Johnson, Cuellar introduce bill to allow e-commerce sale of state-inspected meat |

Johnson, Cuellar introduce bill to allow e-commerce sale of state-inspected meat

Reps. Dusty Johnson, R-S.D., and Henry Cuellar, D-Texas, on Thursday introduced the Direct Interstate Retail Exemption for Certain Transactions (DIRECT) Act of 2021, which would allow retail quantities of meat processed under state-inspection to be sold across state lines through e-commerce, providing beef producers and local processors alike with more options to market direct-to-consumers, Johnson said in a news release.

“Today, a few large players have too much control over our meat supply chains. In many states, state meat inspection is every bit as good as federal meat inspection,” said Johnson, a member of the House Agriculture Committee.

“The DIRECT Act would unlock the entrepreneurship of state-inspected processors without compromising food safety.”

“Our nation’s meat industry has been devastated by the economic fallout resulting from the ongoing coronavirus pandemic,” said Cuellar in the joint release.

“The bipartisan legislation will allow meat inspected by the state to be sold online and across state lines, opening up new markets for meat producers and processors.”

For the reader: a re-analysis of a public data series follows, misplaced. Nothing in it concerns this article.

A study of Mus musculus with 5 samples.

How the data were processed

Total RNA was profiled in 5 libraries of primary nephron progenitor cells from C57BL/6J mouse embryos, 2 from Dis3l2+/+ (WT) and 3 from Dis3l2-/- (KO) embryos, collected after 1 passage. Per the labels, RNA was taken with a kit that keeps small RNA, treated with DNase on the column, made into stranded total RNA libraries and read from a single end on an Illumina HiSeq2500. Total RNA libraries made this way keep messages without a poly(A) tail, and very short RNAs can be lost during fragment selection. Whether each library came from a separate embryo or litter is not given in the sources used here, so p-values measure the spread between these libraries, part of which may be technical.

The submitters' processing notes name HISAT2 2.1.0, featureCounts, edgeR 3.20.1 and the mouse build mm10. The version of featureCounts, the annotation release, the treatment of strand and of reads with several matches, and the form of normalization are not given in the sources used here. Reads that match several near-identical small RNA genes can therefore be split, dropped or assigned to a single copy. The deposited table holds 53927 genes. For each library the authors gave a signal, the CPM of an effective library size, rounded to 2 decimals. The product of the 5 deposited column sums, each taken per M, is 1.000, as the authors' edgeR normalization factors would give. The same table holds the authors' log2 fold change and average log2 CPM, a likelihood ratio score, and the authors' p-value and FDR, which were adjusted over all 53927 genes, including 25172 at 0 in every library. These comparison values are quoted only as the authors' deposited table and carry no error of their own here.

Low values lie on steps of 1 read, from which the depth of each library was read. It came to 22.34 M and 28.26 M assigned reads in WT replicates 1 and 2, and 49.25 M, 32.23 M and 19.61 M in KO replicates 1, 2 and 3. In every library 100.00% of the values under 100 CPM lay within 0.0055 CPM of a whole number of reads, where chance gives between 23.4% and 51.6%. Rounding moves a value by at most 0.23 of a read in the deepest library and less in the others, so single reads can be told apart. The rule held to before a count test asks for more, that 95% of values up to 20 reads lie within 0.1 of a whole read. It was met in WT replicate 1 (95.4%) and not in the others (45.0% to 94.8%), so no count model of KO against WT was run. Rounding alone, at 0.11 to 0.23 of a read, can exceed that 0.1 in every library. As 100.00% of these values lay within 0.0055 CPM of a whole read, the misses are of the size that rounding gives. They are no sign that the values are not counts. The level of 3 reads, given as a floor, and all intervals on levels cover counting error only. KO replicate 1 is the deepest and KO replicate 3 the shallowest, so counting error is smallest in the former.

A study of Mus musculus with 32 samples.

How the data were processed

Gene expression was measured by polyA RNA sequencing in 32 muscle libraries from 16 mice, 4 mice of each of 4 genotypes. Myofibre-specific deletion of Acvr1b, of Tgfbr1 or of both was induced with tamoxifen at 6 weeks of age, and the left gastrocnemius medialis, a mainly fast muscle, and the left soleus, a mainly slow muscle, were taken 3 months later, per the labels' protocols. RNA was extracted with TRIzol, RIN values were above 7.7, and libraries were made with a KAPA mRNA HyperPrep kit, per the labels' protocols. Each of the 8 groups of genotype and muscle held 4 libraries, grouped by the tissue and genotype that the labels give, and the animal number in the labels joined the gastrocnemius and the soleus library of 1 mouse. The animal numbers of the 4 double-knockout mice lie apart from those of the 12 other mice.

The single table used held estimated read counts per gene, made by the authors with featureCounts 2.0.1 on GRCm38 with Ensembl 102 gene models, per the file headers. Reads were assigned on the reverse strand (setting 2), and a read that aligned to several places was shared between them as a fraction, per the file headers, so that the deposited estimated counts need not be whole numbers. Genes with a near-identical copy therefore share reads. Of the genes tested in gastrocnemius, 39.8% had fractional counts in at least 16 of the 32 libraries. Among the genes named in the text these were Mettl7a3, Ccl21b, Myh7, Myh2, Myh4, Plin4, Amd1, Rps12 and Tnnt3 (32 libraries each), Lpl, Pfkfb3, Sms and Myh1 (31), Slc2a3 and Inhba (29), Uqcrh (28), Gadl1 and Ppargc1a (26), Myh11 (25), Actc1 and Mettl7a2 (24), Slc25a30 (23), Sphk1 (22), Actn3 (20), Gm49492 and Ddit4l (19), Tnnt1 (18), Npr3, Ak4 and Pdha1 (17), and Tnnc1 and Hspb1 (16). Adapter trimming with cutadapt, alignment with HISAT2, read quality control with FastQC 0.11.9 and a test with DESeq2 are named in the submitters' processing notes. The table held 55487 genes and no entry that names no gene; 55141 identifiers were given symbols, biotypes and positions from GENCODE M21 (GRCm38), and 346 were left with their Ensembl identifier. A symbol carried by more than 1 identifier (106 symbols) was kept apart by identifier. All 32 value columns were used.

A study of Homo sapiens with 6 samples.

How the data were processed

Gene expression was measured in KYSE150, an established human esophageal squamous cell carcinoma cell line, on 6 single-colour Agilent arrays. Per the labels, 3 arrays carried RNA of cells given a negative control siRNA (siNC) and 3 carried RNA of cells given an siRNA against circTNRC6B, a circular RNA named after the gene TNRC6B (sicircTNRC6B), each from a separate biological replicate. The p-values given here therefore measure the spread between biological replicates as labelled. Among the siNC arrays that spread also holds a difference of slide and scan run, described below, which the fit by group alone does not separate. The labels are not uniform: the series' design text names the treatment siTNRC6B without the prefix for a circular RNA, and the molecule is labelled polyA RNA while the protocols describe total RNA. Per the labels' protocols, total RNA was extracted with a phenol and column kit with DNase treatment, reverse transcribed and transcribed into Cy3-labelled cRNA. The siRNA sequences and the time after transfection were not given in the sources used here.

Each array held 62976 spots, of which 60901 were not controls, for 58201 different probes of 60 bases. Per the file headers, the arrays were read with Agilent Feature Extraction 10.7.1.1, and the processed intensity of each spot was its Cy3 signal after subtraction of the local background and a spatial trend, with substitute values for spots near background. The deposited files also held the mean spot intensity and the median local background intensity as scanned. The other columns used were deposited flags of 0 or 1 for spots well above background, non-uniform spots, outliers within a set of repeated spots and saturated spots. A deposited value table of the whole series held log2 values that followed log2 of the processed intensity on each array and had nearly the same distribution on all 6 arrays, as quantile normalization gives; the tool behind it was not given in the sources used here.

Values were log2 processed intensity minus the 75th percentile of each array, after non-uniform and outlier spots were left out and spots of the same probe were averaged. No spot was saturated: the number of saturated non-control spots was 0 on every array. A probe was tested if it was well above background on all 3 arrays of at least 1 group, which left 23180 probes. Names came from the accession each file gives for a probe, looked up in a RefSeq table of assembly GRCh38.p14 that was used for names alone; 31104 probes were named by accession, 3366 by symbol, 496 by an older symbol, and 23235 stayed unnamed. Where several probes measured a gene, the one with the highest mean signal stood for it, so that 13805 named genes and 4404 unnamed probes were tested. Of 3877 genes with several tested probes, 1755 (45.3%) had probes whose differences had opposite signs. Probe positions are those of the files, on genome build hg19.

“As a senior member of the agriculture subcommittee on appropriations, I will continue to provide the necessary support to the meat industry so they are able to make it through this crisis and continue to be an integral part of feeding American families. I want to thank Congressman Dusty Johnson for his leadership on this critical issue.”

The DIRECT Act would:

▪ Amend the retail exemption under the Federal Meat Inspection Act and Poultry Products Inspection Act to allow processors, butchers or other retailers to sell normal retail quantities (300 lbs. of beef, 100 lbs. of pork, 27.5 lbs. of lamb) of state inspected meat online to consumers across state lines.

▪ Allow new direct-to-consumer options for producers, processors and small meat markets.

▪ Maintain traceability of sales easily accessed in the event of a recall.

▪ Allow retail sales to consumers, minimizing the risk for further processing in export, keeping equivalency agreements with trading partners intact.

▪ Allow states operating under the Cooperative Interstate Shipping system to ship and label as they are currently.

“The COVID-19 pandemic highlighted an urgent need for our industry to expand opportunities for state-inspected meatpackers,” said National Cattlemen’s Beef Association Policy Division Chair and South Dakota rancher Todd Wilkinson.

“NCBA acted quickly last year, advocating to allow more beef to be safely sold online across state lines. The DIRECT Act will allow cattle producers and smaller beef processors to more easily evolve to meet the growing demand for e-commerce sales.”

“Thank you to representatives Johnson and Cuellar for recognizing the shifts in an ever-changing market and introducing this critical legislation,” Wilkinson said.